So far only defensive tactics and false accusations to avoid explaining the evidence of the missing fossils.
On the contrary, you just ignored the explanations.
The oldest fossils are not from the Cambrian. They're much, much older. How much older is a matter of great dispute, since of course the earliest fossils are microbes. Distinguishing a fossil microbe from a microscopic hole in a rock is not simple. The other approach is to look for chemical byproducts of life in the rocks; but again distinguishing these from something that could be produced by some chemical process that does not involve life is not simple.
The oldest claimed fossils that would be visible with the naked eye are a little over 2,000 million years old, found in Gabon. That's about four times as old as the Cambrian explosion. What they are is not entirely clear - photos below.
It has been argued that these are also inorganic in origin. The picture above comes from an open access article making the case for them being organisms.
The fossil record long before the Cambrian is full of acritarchs - which is essentially a word made up for little fossilised microscopic balls that are clearly of organic origin. What they are is in no sense clear, and they probably aren't all the same thing. They're much less common during ice ages, and they increase dramatically around the time of the Cambrian explosion.
Now, I'm sure this is all not satisfactory to you with your curious standards of evidence, but the important question here is to ask what evidence you would expect to find of microorganisms that existed thousands of millions of years ago? I can't see any reason to expect better.
The oldest unequivocal multicellular eukaryote fossil I know of is Bangiomorpha pubescens from Canada. It's probably a red algae, meaning it's in the same phylum as the nori you wrap your sushi in. This is thought because it's extraordinary preservation means scientists can actually study its cell division - here he is under a microscope:
The time between this fossil and the Cambrian explosion is about the same as between the Cambrian explosion and now.
We of course have many pre-Cambrian fossils, some identifiable as belonging to living groups. Kimberella is clearly an animal:
but what sort of animal is not clear. It's not the oldest animal - that title currently goes to Dickinsonia, dating to about 40 million years before the Cambrian:
Of course, it's not obvious from looking at this that that's actually an animal. Scientists are mostly convinced that it is by the chemical analysis done of these fossils, which shows the presence of cholesteroids - only animals make cholesterol.
And this is a key point to bear in mind. We have many pre-Cambrian fossils. But when people say 'molluscs appeared in the Cambrian without precursors' it seems deeply confused to me. There comes a point at which fossils are clearly identifiable as molluscs. Before that time, there aren't fossils clearly identifiable as molluscs - but there are still fossils. The problem is how do you tell which one (if any) is a mollusc ancestor, and why would you expect to be able to? If there are fossils with all the key identifying features of molluscs back to the beginning of the earth then we would doubt the idea of common ancestry. Because we think molluscs share an ancestry with everything else we expect there would be a time at which you can no longer find things with all the key molluscan features.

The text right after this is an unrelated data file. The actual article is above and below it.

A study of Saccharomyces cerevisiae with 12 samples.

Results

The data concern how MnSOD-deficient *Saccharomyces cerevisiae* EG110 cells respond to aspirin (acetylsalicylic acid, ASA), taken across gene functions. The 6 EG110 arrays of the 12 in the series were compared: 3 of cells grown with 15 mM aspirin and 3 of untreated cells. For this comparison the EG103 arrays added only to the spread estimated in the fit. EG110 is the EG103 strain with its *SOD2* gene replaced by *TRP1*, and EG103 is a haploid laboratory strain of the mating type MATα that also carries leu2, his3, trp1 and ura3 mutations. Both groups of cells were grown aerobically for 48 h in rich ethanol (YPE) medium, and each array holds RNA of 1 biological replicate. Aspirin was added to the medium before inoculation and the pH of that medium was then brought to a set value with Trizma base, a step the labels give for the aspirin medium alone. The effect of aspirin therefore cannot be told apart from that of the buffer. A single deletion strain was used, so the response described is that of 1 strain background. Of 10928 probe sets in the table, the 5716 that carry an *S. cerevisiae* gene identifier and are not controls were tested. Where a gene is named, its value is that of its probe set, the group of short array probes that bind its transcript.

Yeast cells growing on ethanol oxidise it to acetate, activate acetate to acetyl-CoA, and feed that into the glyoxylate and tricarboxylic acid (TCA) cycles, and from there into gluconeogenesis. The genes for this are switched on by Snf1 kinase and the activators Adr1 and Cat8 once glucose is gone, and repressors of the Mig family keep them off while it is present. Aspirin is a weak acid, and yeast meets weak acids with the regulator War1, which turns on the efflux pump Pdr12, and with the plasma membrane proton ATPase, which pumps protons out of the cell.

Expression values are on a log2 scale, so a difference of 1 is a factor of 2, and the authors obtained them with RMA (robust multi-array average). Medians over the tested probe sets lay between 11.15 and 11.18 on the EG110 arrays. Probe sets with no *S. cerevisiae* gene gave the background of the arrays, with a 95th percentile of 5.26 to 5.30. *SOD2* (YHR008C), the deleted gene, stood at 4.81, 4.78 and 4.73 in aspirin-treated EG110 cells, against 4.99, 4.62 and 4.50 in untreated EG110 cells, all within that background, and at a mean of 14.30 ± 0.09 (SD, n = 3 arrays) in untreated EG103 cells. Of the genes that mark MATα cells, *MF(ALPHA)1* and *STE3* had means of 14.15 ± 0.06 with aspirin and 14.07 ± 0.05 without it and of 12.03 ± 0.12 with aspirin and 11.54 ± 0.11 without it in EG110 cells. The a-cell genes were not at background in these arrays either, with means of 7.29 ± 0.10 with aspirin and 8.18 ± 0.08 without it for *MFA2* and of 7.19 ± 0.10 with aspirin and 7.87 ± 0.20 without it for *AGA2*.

Add to this the fact that fossils get fewer as you go back in time, and vaguer when you no longer have hard parts to identify. How do you determine what Dickinsonia was? Was it an ancestor of molluscs, of annelid worms, of arthropods? Who the smeg knows? But if the theory of evolution is correct, why would you expect this to be otherwise?
This is not to say the Cambrian explosion was not a real event - it may well have been. Explosions in diversity have happened many times - you mentioned another one. After the K-T boundary where the dinosaurs went extinct there is an explosion in diversity. Why? Because the dinosaurs (along with a bunch of other organisms) just went extinct - life diversified to fill the empty ecological niches.
But the statement that Primates suddenly appear here without precursors is odd. For starters, there aren't any primate fossils that old. There are plesiadapiformes - these are considered to be either ancestors of or close relatives to primates, so the idea primates don't have known evolutionary precursors is obviously a nonsense.
(There's a fantastic fossil of Plesiadapis in the Muséum national d'Histoire naturelle in Paris in which you can see the impression of the animal's bushy tail in the rock which should go here, but I can't find a picture anywhere online).
Once you go back before the extinction of the dinosaurs, things get more complicated. But not because there aren't fossils. There are - the problem is again in figuring out which, if any, are the ancestors of primates. But of course this is the case! As you point out, the idea is that all life has a common ancestor. Once you go back far enough you hit the point where fossils no longer have the distinctive features of primates; and then how do you tell if it's the ancestor of primates, or of rodents, or of both, or of neither. Scientists have had precisely that argument (at length) about these ankle bones:
I'm not seeing any problems you've posed for the 'naturalistic theory' as of yet.